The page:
A recent report from Kroll Bond Rating Agency (KBRA) has highlighted a trend of rising re/insured losses resulting from tornadoes in the U.S.
Analysts pointed to recent data from Munich Re showing that the average annual insured losses resulting from tornadoes has more than doubled over the last few decades, with convective storm losses making up the majority of U.S catastrophe losses from 2013 through 2015 when hurricane activity was low.
Over the longer term, severe convective storm losses (which also includes hailstorms) typically run closely behind hurricane losses, with 43% of windstorm losses attributable to severe thunderstorms between 1980-2011, compared to 50% for tropical cyclones.
However, while the overall value of insured losses has been increasing for convective storms, KBRA acknowledged that the question of whether tornadoes are increasing in frequency and strength is up for debate due to improvements in the reporting of tornadoes.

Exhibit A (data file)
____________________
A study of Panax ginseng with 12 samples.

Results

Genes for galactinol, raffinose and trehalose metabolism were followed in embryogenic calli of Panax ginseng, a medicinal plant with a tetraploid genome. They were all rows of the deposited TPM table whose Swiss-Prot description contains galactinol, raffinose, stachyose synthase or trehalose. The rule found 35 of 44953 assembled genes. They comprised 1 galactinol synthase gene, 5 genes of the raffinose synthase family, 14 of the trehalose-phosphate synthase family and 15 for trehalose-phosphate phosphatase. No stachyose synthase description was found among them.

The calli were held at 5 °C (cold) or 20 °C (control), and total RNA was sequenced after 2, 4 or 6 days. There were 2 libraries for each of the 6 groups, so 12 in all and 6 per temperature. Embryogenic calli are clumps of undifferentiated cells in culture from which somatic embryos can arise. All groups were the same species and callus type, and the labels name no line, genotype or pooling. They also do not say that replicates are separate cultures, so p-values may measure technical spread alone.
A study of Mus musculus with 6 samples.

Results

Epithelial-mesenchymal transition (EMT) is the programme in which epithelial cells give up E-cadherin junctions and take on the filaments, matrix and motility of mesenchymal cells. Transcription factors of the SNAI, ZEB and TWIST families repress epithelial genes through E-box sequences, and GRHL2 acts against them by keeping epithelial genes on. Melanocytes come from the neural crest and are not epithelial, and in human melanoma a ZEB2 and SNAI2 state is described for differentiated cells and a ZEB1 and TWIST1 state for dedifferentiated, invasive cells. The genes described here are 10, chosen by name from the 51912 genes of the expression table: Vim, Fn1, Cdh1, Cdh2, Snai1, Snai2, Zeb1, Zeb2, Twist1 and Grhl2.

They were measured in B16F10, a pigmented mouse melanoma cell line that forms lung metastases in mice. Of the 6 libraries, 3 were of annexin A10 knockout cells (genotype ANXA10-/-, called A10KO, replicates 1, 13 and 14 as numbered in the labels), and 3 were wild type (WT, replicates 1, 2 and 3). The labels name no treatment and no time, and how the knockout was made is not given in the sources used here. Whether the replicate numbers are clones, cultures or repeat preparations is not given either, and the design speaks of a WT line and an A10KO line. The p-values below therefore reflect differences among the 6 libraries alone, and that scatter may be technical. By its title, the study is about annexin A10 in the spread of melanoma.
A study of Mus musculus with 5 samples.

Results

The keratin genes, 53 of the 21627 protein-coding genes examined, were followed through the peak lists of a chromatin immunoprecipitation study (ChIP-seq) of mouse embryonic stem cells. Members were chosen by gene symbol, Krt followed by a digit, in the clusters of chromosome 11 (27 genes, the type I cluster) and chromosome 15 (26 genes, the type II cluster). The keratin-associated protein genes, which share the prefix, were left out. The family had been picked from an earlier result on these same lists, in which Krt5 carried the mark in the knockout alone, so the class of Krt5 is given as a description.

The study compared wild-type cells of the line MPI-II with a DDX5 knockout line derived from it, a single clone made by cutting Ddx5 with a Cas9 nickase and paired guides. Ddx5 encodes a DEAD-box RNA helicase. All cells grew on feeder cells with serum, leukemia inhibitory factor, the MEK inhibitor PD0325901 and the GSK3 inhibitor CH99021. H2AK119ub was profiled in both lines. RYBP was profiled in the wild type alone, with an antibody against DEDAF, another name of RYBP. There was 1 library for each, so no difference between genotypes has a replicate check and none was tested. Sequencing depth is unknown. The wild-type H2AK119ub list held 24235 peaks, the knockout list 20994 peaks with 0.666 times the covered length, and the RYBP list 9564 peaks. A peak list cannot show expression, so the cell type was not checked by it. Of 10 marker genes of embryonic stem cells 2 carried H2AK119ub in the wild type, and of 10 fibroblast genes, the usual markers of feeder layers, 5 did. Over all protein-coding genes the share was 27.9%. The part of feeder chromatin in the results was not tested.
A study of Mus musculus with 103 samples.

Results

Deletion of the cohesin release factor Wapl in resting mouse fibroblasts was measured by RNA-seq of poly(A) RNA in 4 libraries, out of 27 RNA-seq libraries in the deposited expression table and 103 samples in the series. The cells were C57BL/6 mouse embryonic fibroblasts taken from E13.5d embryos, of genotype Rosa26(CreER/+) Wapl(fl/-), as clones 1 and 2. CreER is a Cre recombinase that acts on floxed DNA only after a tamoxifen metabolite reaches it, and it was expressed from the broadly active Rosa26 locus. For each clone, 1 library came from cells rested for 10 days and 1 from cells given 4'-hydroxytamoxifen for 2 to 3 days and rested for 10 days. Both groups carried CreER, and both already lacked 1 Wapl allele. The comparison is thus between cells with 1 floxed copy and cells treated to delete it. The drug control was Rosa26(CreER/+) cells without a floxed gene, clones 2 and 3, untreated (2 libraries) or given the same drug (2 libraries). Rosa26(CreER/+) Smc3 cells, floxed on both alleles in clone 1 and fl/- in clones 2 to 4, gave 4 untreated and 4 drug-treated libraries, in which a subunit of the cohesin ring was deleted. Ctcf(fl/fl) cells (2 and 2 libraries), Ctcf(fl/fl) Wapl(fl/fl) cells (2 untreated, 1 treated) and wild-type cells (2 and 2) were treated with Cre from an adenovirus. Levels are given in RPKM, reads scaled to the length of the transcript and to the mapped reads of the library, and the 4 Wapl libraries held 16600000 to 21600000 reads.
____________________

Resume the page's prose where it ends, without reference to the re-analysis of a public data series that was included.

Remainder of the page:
NOAA and its National Severe Storms Laboratory believe there is no trend in the number of strong tornadoes between 1950 and 2012, suggesting that the number of high intensity events has not increased over that period.
All but one of the top ten costliest tornadoes in U.S history occurred in the months of March, April or May, with three of the costliest outbreaks occurring in Spring 2011 alone, resulting in approximately $7 billion in insured losses from May 20-27 of that year.
These included a tornado in Joplin, Missouri that caused $2.8 billion in insured losses and led to three insurers – Barton Mutual Insurance Co., Gateway Mutual Insurance Co., and Cape Mutual Insurance Co. – becoming insolvent.
KBRA noted that tornado damage is predominantly related to wind and is therefore typically covered by homeowners’ policies, unlike hurricane damage which often entails coverage gaps for factors such as flooding.
Analysts recommended that re/insurers take steps to become more conscious of risk concentrations related to tornadoes, which are a leading cause of insurer insolvency.
KBRA believes thorough financial analysis and stress testing can better identify risk concentrations, as opposed to solely or predominantly relying on a capital model.